TOKYO (REUTERS) - Japanese manufacturers' mood slid in July for the first time in eight months after June had the best reading in more than two years, a Reuters poll showed, as China's slowdown clouded the outlook for the export-reliant economy.
The index of sentiment derived from a monthly Reuters survey of manufacturers fell by 2 points to plus 13 in July, a third straight month of positive readings showing optimists outnumbered pessimists.
The index is expected to rise again to plus 15 in October in the Reuters survey, which is strongly correlated with a closely watched quarterly Bank of Japan tankan survey.
While expectations for Prime Minister Shinzo Abe's reflationary policies still supported corporate morale, many complained of sluggish demand, noting the effects of "Abenomics"had yet to be seen.
Slowing growth in China - Japan's biggest trading partner - added to respondents' concerns.
"The domestic market remains sluggish except for some particular sectors. On top of that, the Chinese market has cooled," one chemicals maker said in the July 1-12 poll of 400 big and medium-sized firms, of which 277 responded.
"Market conditions for nonferrous and precious metals have been declining since this spring, and China's economy shows no signs of improvement. Therefore demand remains stagnant," one nonferrous metals maker said.
The decline in the Reuters Tankan's index for manufacturers was driven in part by exporting sectors including makers of chemicals and steel/nonferrous metals.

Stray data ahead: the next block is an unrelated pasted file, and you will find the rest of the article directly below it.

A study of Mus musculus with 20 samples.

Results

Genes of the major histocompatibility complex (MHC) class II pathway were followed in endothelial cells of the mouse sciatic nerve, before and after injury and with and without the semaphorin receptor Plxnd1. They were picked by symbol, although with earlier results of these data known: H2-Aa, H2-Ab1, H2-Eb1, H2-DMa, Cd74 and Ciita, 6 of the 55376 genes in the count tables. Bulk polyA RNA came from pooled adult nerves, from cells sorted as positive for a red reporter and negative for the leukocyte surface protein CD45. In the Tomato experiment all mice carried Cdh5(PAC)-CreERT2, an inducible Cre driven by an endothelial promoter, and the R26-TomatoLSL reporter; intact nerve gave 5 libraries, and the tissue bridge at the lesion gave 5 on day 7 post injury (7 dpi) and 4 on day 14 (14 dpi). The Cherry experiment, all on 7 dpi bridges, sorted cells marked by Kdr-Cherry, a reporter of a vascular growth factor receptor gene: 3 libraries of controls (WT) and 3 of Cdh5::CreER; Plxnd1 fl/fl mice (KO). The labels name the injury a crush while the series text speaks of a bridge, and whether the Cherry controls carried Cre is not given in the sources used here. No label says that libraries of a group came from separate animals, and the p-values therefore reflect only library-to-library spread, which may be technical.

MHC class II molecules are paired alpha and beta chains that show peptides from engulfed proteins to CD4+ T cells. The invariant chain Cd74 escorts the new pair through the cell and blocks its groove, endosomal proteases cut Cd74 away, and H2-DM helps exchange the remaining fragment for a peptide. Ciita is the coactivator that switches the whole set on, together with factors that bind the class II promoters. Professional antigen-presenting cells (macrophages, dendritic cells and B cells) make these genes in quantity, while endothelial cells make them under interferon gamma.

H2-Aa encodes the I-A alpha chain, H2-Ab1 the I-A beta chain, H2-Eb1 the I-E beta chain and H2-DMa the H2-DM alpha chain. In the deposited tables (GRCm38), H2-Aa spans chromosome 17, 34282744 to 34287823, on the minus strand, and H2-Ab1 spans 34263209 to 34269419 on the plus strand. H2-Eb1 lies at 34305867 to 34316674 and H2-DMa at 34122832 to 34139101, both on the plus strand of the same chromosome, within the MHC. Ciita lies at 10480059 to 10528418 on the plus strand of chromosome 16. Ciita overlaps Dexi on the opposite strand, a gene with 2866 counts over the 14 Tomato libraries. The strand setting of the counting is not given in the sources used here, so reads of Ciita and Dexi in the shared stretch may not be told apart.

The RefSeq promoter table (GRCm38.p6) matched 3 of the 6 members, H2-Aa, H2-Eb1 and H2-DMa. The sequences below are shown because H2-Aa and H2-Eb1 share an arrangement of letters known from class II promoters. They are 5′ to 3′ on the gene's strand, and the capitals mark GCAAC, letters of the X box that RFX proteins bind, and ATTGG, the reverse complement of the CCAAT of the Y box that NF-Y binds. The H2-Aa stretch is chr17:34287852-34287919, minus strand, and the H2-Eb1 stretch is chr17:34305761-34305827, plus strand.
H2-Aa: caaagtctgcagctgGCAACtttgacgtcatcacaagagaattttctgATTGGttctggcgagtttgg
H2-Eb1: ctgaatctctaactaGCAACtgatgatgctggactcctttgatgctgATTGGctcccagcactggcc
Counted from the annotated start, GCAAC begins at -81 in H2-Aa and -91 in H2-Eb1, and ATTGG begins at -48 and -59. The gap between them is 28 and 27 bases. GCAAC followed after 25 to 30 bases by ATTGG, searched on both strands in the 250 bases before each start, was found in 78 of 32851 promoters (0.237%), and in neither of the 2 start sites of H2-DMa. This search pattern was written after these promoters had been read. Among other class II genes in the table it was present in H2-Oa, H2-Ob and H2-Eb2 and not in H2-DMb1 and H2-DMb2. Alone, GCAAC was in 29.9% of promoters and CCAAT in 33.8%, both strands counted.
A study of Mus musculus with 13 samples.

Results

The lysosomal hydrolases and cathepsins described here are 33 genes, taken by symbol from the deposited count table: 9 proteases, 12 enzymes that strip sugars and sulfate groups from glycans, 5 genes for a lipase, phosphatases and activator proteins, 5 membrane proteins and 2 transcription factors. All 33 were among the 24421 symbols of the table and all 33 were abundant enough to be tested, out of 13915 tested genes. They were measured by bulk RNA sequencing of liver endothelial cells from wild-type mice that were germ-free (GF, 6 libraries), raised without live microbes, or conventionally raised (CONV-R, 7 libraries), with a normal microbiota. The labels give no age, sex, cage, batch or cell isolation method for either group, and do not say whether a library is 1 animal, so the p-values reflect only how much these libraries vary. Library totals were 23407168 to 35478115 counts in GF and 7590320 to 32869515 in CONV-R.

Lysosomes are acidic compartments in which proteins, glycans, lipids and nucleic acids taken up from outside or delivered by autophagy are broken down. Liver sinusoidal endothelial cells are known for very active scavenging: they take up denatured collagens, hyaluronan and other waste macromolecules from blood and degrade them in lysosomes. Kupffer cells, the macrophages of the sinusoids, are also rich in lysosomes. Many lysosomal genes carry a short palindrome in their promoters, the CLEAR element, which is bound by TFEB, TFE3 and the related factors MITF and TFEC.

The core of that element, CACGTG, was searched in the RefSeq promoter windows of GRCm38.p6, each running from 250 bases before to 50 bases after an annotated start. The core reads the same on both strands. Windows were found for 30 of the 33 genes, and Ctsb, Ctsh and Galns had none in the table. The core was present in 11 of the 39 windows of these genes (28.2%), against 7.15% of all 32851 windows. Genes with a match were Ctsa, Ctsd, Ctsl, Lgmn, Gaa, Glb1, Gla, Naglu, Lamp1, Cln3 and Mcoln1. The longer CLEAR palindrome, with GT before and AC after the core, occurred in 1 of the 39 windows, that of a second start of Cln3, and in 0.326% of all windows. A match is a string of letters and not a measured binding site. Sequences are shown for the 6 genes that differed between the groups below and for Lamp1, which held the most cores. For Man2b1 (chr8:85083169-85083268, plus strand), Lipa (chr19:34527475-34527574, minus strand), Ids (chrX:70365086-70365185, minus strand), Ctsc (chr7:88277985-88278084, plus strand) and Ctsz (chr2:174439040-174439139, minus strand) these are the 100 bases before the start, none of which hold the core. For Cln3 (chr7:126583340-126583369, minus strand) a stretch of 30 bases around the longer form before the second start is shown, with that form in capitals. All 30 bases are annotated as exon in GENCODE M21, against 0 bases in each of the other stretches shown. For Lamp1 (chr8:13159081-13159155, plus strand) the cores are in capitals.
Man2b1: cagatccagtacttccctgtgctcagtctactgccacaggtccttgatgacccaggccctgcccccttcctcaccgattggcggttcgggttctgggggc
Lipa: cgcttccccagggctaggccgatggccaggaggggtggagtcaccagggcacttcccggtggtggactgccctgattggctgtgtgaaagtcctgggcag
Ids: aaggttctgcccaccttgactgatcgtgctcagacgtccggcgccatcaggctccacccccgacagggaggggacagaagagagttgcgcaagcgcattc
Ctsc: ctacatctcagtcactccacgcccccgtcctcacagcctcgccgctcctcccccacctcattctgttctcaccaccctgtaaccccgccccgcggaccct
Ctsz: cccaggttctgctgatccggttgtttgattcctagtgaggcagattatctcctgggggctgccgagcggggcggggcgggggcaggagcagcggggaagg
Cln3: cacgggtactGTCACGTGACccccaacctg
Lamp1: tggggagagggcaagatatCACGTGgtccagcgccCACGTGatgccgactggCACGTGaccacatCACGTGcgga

In the previous month, the manufacturers' index hit its highest level since March 2011, just before a devastating earthquake struck the country's northeast.
The service sector gauge also fell 2 points in July to plus 18, after hitting its best reading since May 2007 in the previous month. The index is seen rising to plus 25 in October.
The BOJ's tankan issued on July 1 showed manufacturers' mood turned positive in April-June for the first time in nearly two years and was seen rising further on the feel-good mood generated by Abe's reflationary policies.
The central bank kept monetary policy steady last Thursday and offered a more optimistic view of the economy on growing signs that the benefits of a weak yen and the government's reflationary policies are spreading.
Japan's economy grew at an annualised 4.1 percent rate in the first quarter, led by firm private consumption and a pickup in exports. But China's slowdown and the potential impact from the US Federal Reserve's tapering of monetary stimulus on emerging economies cloud the outlook.
China's annual GDP growth slowed to 7.5 percent in April to June - the ninth quarter in the last 10 that expansion has weakened - putting pressure on Beijing to quicken reforms rather than slow them to take up the economic slack.
Growth prospects for the rest of the year look grimmer if global demand remains weak and if last month's unprecedented Chinese money market crunch, which saw short-term interest rates spike to record highs, eventually feeds into the real economy through higher lending rates.